Carla Peterman, Commissioner of the California Public Utilities Commission and ERG PhD Candidate, recently spoke at CITRIS on California energy policy and the ambitious transition from conventional fossil generation to renewable and other clean resources.
Low-carbon, variable and distributed generation provide many benefits to the state, but they also present new circumstances for our traditional energy integration and reliability tools to respond to. Some of the resources that California is pursuing to manage this change are demand response, generation diversity, fast response natural gas plants, and energy storage. Carla discussed about the tools and analytics the California Public Utilities Commission and the state are pursing to address integration and promote flexible resources. Recent developments in energy storage and demand response and the potential role for electric vehicles to provide these services were highlighted.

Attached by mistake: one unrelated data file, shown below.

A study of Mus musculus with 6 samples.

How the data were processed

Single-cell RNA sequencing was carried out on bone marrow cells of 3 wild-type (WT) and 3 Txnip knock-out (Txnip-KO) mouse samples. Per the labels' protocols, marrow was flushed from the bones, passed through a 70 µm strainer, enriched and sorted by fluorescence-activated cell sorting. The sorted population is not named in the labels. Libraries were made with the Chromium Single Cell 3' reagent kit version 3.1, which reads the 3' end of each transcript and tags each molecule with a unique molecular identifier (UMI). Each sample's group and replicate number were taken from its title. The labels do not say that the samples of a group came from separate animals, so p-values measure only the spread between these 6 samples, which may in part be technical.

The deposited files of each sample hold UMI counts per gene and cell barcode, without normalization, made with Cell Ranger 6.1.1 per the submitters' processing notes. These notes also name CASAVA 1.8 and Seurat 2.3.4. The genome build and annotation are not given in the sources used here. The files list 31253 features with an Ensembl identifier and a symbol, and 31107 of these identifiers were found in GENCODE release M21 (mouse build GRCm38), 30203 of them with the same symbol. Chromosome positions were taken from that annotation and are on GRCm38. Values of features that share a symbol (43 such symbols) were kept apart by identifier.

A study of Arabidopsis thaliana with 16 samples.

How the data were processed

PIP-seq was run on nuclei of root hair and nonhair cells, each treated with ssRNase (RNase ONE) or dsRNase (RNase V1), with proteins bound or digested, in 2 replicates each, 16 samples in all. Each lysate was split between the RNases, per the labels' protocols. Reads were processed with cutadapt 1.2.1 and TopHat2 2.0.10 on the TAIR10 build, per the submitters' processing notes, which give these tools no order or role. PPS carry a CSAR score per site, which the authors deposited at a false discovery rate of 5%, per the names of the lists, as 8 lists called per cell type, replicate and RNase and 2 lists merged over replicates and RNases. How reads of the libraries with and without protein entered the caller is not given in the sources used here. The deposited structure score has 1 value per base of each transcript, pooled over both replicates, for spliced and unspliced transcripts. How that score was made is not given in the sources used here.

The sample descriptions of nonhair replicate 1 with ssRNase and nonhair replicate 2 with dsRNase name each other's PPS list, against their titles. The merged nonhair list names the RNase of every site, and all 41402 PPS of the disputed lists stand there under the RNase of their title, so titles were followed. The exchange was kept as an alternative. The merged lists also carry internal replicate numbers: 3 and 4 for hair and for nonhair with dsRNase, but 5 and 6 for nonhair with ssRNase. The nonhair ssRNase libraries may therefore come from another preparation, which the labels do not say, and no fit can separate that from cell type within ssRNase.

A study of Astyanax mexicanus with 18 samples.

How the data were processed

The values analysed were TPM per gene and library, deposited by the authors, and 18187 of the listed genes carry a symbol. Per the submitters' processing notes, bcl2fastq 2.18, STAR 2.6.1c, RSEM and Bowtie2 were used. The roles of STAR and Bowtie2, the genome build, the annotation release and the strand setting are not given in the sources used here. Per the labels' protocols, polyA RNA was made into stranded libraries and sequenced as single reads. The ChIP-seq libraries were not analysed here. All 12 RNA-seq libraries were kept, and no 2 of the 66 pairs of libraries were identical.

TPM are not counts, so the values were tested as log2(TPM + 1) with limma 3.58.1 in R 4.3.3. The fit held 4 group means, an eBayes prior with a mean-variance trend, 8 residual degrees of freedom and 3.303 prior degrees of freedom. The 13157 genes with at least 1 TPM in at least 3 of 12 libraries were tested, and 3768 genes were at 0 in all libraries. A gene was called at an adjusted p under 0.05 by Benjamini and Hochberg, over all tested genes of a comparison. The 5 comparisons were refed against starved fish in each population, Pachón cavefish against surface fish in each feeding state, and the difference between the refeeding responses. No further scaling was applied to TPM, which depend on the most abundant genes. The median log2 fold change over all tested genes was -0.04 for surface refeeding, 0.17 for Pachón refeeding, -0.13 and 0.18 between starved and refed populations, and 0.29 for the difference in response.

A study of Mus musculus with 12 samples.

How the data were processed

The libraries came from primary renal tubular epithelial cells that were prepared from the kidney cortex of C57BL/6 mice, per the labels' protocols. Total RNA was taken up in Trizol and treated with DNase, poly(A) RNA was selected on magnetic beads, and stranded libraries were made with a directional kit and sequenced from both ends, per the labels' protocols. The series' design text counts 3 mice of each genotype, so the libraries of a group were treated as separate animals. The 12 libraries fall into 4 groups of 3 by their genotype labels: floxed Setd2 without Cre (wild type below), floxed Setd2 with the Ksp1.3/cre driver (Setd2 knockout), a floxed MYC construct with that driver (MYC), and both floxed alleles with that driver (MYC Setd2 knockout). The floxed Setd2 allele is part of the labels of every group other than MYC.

Fitting energy storage into the grid will help smooth renewables’ power curve and allow them to stand alone, rather than lean on backup gas generators. “Storing energy allows us to use it at higher-value times without creating the air emissions you would have from burning fossil fuels,” Peterman says. “The technologies are emerging, so they are high cost. But they are also high benefit.”
California is the first state to propose energy-storage targets, making Peterman’s work groundbreaking, not just at home but nationwide. The markets energized by California’s new policies could likewise spill over state lines.